January 18, 2022


The external fund manager backed by Berkshire Hathaway’s Charlie Munger, Li Lu, makes no bones about it when he says ‘The biggest investment risk is not the volatility of prices, but whether you will suffer a permanent loss of capital.’ It’s only natural to consider a company’s balance sheet when you examine how risky it is, since debt is often involved when a business collapses. As with many other companies FibroGen, Inc. (NASDAQ:FGEN) makes use of debt. But the real question is whether this debt is making the company risky.

What Risk Does Debt Bring?

Debt is a tool to help businesses grow, but if a business is incapable of paying off its lenders, then it exists at their mercy. If things get really bad, the lenders can take control of the business. However, a more usual (but still expensive) situation is where a company must dilute shareholders at a cheap share price simply to get debt under control. By replacing dilution, though, debt can be an extremely good tool for businesses that need capital to invest in growth at high rates of return. When we examine debt levels, we first consider both cash and debt levels, together.

Check out our latest analysis for FibroGen

What Is FibroGen’s Debt?

The chart below, which you can click on for greater detail, shows that FibroGen had US$17.9m in debt in September 2021; about the same as the year before. However, its balance sheet shows it holds US$486.4m in cash, so it actually has US$468.5m net cash.


A Look At FibroGen’s Liabilities

The latest balance sheet data shows that FibroGen had liabilities of US$209.3m due within a year, and liabilities of US$296.1m falling due after that. Offsetting these obligations, it had cash of US$486.4m as well as receivables valued at US$44.0m due within 12 months. So it actually has US$24.9m more liquid assets than total liabilities.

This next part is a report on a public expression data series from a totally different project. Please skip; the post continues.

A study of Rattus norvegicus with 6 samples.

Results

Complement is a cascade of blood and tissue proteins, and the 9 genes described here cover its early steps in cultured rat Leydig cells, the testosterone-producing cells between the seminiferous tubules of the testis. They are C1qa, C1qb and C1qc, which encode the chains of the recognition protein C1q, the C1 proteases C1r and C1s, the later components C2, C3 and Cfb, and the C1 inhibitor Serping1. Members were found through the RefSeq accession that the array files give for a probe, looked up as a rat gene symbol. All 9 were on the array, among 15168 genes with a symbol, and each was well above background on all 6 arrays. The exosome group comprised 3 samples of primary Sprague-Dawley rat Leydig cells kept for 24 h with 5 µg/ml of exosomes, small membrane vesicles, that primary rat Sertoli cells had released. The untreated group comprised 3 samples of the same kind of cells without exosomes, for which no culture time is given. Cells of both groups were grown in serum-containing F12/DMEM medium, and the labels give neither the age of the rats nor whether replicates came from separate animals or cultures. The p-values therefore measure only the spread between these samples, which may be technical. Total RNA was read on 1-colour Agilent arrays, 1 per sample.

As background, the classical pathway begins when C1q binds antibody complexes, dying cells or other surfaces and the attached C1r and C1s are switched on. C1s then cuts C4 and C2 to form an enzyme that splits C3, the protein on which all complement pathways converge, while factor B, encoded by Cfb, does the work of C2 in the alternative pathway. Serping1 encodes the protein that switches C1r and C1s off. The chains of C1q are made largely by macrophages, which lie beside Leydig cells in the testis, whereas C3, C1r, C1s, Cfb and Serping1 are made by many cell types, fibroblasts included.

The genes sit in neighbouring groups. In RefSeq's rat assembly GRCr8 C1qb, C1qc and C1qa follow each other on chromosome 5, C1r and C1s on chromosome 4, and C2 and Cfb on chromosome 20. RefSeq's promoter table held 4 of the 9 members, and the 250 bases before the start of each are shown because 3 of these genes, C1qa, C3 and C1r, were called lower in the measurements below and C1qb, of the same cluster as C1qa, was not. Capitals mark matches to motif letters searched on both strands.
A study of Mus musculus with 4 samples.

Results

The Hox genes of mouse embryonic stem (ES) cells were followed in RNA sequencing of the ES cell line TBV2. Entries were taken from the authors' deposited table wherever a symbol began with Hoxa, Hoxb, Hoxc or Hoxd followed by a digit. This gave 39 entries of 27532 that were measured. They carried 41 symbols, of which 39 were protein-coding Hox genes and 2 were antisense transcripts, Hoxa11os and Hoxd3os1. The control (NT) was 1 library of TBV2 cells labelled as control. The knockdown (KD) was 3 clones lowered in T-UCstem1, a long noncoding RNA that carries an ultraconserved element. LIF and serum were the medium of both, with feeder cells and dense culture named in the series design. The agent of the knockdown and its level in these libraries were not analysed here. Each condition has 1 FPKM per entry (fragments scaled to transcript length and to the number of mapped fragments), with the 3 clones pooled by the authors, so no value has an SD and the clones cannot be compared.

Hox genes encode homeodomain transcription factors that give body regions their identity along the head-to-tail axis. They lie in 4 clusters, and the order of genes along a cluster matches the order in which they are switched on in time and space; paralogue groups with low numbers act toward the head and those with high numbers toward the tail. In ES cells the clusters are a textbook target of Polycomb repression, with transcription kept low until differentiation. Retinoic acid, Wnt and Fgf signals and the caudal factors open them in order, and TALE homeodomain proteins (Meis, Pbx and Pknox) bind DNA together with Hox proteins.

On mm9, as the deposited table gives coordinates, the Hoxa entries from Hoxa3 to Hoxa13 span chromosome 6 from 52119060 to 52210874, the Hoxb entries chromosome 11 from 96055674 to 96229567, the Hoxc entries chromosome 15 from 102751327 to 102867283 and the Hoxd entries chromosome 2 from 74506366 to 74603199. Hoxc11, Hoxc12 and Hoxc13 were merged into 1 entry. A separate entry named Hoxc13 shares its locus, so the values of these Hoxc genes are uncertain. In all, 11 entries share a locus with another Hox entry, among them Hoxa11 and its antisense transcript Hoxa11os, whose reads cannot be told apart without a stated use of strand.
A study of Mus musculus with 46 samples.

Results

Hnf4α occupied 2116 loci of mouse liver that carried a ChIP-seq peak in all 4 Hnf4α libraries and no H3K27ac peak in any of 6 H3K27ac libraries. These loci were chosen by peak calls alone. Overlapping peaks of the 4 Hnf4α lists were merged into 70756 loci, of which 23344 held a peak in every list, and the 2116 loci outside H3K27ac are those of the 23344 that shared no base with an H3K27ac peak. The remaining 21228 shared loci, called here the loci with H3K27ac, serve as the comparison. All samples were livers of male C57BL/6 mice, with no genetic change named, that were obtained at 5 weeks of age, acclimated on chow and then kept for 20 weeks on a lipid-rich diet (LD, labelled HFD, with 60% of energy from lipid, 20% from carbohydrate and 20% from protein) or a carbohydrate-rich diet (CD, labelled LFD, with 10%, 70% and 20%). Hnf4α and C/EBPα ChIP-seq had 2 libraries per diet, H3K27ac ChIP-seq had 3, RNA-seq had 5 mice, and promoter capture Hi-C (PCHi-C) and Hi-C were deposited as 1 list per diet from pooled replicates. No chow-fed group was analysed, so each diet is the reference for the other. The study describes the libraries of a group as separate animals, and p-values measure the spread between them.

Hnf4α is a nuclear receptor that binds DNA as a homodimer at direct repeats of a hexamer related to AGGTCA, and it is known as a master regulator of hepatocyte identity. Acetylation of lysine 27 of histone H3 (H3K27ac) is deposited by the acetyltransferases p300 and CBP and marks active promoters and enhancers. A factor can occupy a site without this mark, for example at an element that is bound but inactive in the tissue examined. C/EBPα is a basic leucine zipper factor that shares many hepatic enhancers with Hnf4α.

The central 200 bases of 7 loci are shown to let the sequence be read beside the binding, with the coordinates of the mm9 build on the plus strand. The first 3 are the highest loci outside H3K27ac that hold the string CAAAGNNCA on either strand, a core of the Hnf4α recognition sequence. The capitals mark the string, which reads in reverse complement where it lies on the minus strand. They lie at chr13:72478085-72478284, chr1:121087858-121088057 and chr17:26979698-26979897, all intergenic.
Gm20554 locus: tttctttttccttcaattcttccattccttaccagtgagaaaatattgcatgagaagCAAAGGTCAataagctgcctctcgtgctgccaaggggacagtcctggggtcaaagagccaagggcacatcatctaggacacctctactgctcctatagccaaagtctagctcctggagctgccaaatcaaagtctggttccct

Having regard to FibroGen’s size, it seems that its liquid assets are well balanced with its total liabilities. So while it’s hard to imagine that the US$1.31b company is struggling for cash, we still think it’s worth monitoring its balance sheet. Simply put, the fact that FibroGen has more cash than debt is arguably a good indication that it can manage its debt safely. The balance sheet is clearly the area to focus on when you are analysing debt. But it is future earnings, more than anything, that will determine FibroGen’s ability to maintain a healthy balance sheet going forward. So if you want to see what the professionals think, you might find this free report on analyst profit forecasts to be interesting.

In the last year FibroGen wasn’t profitable at an EBIT level, but managed to grow its revenue by 138%, to US$284m. So its pretty obvious shareholders are hoping for more growth!

So How Risky Is FibroGen?

By their very nature companies that are losing money are more risky than those with a long history of profitability. And we do note that FibroGen had an earnings before interest and tax (EBIT) loss, over the last year. Indeed, in that time it burnt through US$66m of cash and made a loss of US$215m. While this does make the company a bit risky, it’s important to remember it has net cash of US$468.5m. That kitty means the company can keep spending for growth for at least two years, at current rates. The good news for shareholders is that FibroGen has dazzling revenue growth, so there’s a very good chance it can boost its free cash flow in the years to come. High growth pre-profit companies may well be risky, but they can also offer great rewards. There’s no doubt that we learn most about debt from the balance sheet. However, not all investment risk resides within the balance sheet – far from it. For example – FibroGen has 2 warning signs we think you should be aware of.

At the end of the day, it’s often better to focus on companies that are free from net debt. You can access our special list of such companies (all with a track record of profit growth). It’s free.